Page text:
The awards accrue, the questions abound:
How much of the movie, Darkest Hour, is accurate? Did Winston Churchill really descend into the London Underground to poll the hoi paloi about negotiating with Hitler? Did he really drink that much? Did he really say that? Did he really do that?
The answers, in brief (as I understand them), are:
-Much but not all.
-No, not really.
-In Darkest Hour too often no, especially not the movie’s most appealing but wholly misappropriated quote (from George Bernard Shaw apparently): “Those who never change their mind never change anything.”
-Yes. Winston Churchill did lead England to victory during World War II almost entirely by the considerable force of his considerable will.
Darkest Hour is a terrific movie. The performances are riveting, including and especially Gary Oldman’s Golden Globe-winning Winston Churchill, mobilizing the English prosthetic and sending it into battle. The cinematography is gorgeous. The story-telling is gripping. The impact is inspiring.
The facts, however, are juggled, rejiggered and, at times, dispensed with altogether in the name of dramatic license. Which is fine, in my opinion, because a movie is not history. If you want to learn what Winston Churchill actually said and did during his first dire weeks as England’s wartime Prime Minster, you must read a book. Or two.
And I am here to help you.
Darkest Hour opens with Winston Churchill awaiting word as to whether, in the wake of Hitler’s invasion of Holland and Belgium, Neville Chamberlain will resign and Churchill will be appointed Prime Minister. To understand this critical transition, one should read “Winston Churchill: The Wilderness Years,” by Churchill’s official biographer Martin Gilbert. Even better, for anyone with the appetite, read the official biography itself; at the very least Volume VI, subtitled “Finest Hour.” Another must is the book, “Troublesome Young Men”, by Lynne Olson, a superb behind-the-scenes chronicle of Churchill’s torturous journey to Downing Street during the run-up to war. Churchill’s own six-volume “War Memoirs” (Volume I right through into Volume II) provide a quintessential play-by-play of his unlikely ascent.
Darkest Hour introduces us to Winston Churchill in bed, where he most preferred to work. The full ritual of his late-waking habits, including the scope of his breakfasts, the true scale of his morning drinking (such as it was), his devouring of the morning newspapers and his ensuing dictation sessions with a rotating crew of stenographers, were, of course, best described by those who were actually there.
No one saw more of Churchill during the first year of the war, or wrote better about what he saw, than his principal private secretary, John Colville, in his personal diary — which was finally published years later as a book entitled, “The Fringes of Power.”
“He lay there in his four-post bed with its flowery chintz hangings,” Colville wrote of Churchill in the throes of composing a speech, “while he chewed a cigar, drunk frequent sips of iced soda-water [note: sans alcohol], fidgeted his toes beneath the bedclothes and muttered torturously under his breath what he contemplated saying.”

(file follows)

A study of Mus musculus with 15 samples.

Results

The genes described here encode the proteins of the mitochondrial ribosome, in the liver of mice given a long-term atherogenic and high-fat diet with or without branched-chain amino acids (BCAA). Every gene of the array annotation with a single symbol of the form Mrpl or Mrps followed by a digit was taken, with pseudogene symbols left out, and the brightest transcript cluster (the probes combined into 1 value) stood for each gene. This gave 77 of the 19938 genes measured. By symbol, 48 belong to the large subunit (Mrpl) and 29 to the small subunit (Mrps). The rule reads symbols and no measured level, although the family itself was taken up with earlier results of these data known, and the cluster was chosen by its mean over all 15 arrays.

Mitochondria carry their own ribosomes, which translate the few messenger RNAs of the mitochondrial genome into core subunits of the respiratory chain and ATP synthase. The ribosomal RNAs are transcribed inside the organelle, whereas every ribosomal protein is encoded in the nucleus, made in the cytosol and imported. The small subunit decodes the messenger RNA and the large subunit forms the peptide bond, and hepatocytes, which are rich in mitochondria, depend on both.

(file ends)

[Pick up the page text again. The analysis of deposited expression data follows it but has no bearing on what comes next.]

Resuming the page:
With writing like that, who needs a movie?
As a writer, Churchill’s closest collaborators were the young ladies who took down his dictation – always young, because Churchill’s relentless, nocturnal work habits burned out even the most youthful and vigorous. The kid typist depicted in Darkest Hour, Elizabeth Layton, wrote a book herself, “Mr. Churchill’s Secretary,” published in 1958. Though many in Churchill’s circle frowned on this book as a violation of protocol, decorum and privacy, it is well worth reading. Young Miss Layton did indeed grow up working alongside the Prime Minister for the entirety of the war — she did not, however, begin working for him until May 1941, a year after the events depicted in Darkest Hour.
Ultimately, centrally, there is “Five Days in London,” without which there would be no Darkest Hour. It was historian John Lukacs’s masterstroke in the late-1990s to undertake this short, intensely focused study of Winston Churchill’s first weeks as Prime Minister, narrowly concentrated on the five days in May 1940 during which Churchill debated with his War Cabinet whether to negotiate with Adolph Hitler or fight on, alone.
“Five Days in London” was, in fact, optioned by the producers of Darkest Hour and adapted for the film, though credit for Lukacs’s contribution is not conspicuous. His book can be read in a night. It is nearly impossible to put down.
A final recommendation — page through “Winston and Clementine: The Personal Letters of the Churchills.” For the duration of their 56-year marriage, Mr. and Mrs. Churchill wrote to each other incessantly. Though the regularity of their correspondence was reduced by Churchill’s workload during the war (and by his near proximity at No. 10), the couple’s wartime letters are especially revealing. See if you can spot the most infamous letter that Clementine Churchill ever wrote to her husband, addressing his increasing incivility to his staff during the first pressure-filled weeks of his Prime Ministership; a letter that she clearly feared speaking aloud to him and reportedly tore up before finally sending.
“I hope you will forgive me if I tell you something that I feel you ought to know,” Clementine began. “...My Darling Winston — I must confess that I have noticed a deterioration in your manner; & you are not so kind as you used to be.”
Screenwriter Anthony McCarten repurposed this letter verbatim for one of Darkest Hour’s best face-to-face dialogue scenes. The letter thus represents a perfect example of art amplifying life, even as it misrepresents the facts of that life. In other words, it is a perfect movie moment.